Ian Knapp drives a tow truck all over the Bay Area, sometimes working as many as 65 hours a week, helping people who are stranded in unsafe situations.
It wasn’t long ago, Knapp needed help himself.
“I became a foster child while I was in elementary school and spent the majority of my young years there,” Knapp said. He confided that his parents were abusive and even though he eventually was allowed to return to their home, he left soon after.
“I did not graduate from high school. I actually had dropped out halfway through my senior year and became homeless, and I’ve been homeless up until I got this job,” Knapp said.
He got the job with Alongi Bros. through TeenForce, a Silicon Valley non-profit staffing agency which serves job seekers between the ages of 14 and 20 years old. Sixty-percent of their clients are former or current foster youth.
TeenForce screens the job seekers, helps them with resumes, interviewing skills, and any necessary background checks or licensing. They’ll even handle payroll for the 60 employers that work with the agency.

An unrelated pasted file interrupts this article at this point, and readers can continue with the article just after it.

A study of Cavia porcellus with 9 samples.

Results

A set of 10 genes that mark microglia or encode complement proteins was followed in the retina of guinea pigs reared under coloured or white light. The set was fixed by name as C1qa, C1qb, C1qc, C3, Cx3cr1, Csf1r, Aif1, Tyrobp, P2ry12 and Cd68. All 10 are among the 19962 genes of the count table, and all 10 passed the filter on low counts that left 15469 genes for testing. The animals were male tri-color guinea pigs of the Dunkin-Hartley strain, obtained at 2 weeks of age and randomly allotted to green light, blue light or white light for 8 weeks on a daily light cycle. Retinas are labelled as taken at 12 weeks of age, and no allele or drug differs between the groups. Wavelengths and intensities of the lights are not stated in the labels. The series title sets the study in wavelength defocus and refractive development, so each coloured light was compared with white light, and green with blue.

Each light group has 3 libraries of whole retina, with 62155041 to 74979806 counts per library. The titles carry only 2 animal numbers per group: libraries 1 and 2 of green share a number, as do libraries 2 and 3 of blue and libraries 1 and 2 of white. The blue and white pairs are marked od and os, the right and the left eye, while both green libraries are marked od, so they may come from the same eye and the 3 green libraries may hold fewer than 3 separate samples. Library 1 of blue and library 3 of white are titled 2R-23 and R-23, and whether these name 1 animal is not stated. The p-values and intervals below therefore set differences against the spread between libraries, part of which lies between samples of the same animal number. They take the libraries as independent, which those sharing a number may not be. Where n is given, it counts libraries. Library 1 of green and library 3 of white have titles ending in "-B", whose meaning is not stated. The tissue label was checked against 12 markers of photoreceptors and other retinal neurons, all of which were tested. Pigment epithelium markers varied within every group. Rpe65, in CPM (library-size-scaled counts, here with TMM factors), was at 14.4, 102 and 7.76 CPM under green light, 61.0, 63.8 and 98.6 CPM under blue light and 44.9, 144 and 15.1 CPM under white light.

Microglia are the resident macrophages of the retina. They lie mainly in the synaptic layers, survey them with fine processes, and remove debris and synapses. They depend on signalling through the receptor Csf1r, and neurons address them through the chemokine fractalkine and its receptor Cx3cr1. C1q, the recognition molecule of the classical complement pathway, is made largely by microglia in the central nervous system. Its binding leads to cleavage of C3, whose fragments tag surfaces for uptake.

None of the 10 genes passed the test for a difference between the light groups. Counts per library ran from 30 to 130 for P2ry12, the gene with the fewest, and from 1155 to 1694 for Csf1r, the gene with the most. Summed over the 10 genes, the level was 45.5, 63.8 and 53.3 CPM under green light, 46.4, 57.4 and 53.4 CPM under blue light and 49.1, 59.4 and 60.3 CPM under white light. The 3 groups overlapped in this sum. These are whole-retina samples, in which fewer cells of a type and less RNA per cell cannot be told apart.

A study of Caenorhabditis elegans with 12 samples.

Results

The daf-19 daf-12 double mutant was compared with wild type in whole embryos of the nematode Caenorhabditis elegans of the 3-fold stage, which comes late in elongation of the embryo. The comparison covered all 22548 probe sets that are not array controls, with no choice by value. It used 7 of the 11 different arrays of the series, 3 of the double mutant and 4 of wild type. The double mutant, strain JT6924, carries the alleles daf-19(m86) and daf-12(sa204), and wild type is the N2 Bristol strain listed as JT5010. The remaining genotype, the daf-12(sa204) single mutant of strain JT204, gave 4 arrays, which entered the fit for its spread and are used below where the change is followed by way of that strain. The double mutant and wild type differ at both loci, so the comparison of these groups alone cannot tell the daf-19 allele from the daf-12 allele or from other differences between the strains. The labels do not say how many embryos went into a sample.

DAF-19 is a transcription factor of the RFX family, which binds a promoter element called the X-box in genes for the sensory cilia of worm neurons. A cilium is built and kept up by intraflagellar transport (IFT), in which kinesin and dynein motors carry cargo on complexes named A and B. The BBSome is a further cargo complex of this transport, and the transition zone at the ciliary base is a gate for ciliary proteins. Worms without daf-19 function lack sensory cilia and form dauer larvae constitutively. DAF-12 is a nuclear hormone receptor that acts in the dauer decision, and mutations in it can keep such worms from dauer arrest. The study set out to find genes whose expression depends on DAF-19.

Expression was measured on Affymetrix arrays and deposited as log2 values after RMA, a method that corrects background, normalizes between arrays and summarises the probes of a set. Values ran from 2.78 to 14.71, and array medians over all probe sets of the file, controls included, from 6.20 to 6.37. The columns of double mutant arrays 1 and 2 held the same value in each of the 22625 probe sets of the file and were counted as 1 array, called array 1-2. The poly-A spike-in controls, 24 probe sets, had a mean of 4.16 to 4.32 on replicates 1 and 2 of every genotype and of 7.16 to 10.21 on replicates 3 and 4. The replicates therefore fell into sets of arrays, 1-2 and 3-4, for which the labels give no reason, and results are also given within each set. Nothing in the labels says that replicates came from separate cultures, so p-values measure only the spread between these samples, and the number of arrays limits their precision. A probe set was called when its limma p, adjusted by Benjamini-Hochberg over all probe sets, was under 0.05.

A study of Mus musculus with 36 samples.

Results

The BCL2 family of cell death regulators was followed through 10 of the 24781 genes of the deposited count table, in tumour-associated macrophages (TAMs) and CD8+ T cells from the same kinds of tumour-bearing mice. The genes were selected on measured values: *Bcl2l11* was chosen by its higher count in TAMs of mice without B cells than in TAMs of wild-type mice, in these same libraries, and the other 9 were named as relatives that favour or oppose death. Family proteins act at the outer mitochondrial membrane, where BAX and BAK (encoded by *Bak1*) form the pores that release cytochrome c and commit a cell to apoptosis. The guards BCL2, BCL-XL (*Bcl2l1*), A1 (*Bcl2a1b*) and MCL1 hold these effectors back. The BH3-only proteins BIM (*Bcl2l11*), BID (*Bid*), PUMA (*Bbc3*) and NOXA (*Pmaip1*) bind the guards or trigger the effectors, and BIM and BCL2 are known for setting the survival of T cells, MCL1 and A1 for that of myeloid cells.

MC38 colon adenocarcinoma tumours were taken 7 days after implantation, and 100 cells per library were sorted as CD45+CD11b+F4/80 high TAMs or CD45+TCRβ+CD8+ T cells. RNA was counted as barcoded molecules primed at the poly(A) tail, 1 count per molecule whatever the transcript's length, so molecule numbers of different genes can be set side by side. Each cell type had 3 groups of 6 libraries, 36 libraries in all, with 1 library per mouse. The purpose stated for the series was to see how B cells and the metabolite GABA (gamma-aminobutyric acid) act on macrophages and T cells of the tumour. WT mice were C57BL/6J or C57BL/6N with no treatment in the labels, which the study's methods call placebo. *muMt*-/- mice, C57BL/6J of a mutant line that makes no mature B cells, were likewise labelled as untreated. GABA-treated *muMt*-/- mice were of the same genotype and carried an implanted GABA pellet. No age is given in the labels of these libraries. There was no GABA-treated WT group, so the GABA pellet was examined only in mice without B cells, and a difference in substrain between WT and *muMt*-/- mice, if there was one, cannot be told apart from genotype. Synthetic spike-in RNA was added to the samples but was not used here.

For some of the teens, the temporary job has turned into permanent long-term employment.
One teen is now a state-licensed termite inspector with Planet Orange, and several others are working in the mortgage industry.
“Nobody needs to be a self-sufficient young adult faster than these young people and we want to prove that Santa Clara County, through private sector business, without any government funding and we want to prove that we can do that here and be a model for other counties,” said John Hogan, TeenForce founder and CEO.
This year, TeenForce set a goal of putting 100 foster youth to work in one year.
Through a partnership with the Silicon Valley Chamber of Commerce, the agency is on course to hit that goal ahead of time. Now what they’d like are more employers to take a gamble on kids who ended up in foster care, not because they were bad, but because their situation was.
In its three years, TeenForce put 275 people to work, earning nearly $700,000.
And they’ve helped create relationships that work for the teens and managers like John Golden of Alongi Bros.
“It makes me feel good that I helped Ian out. He’s a nice person, and it’s nice to have a nice person working for you,” Golden said.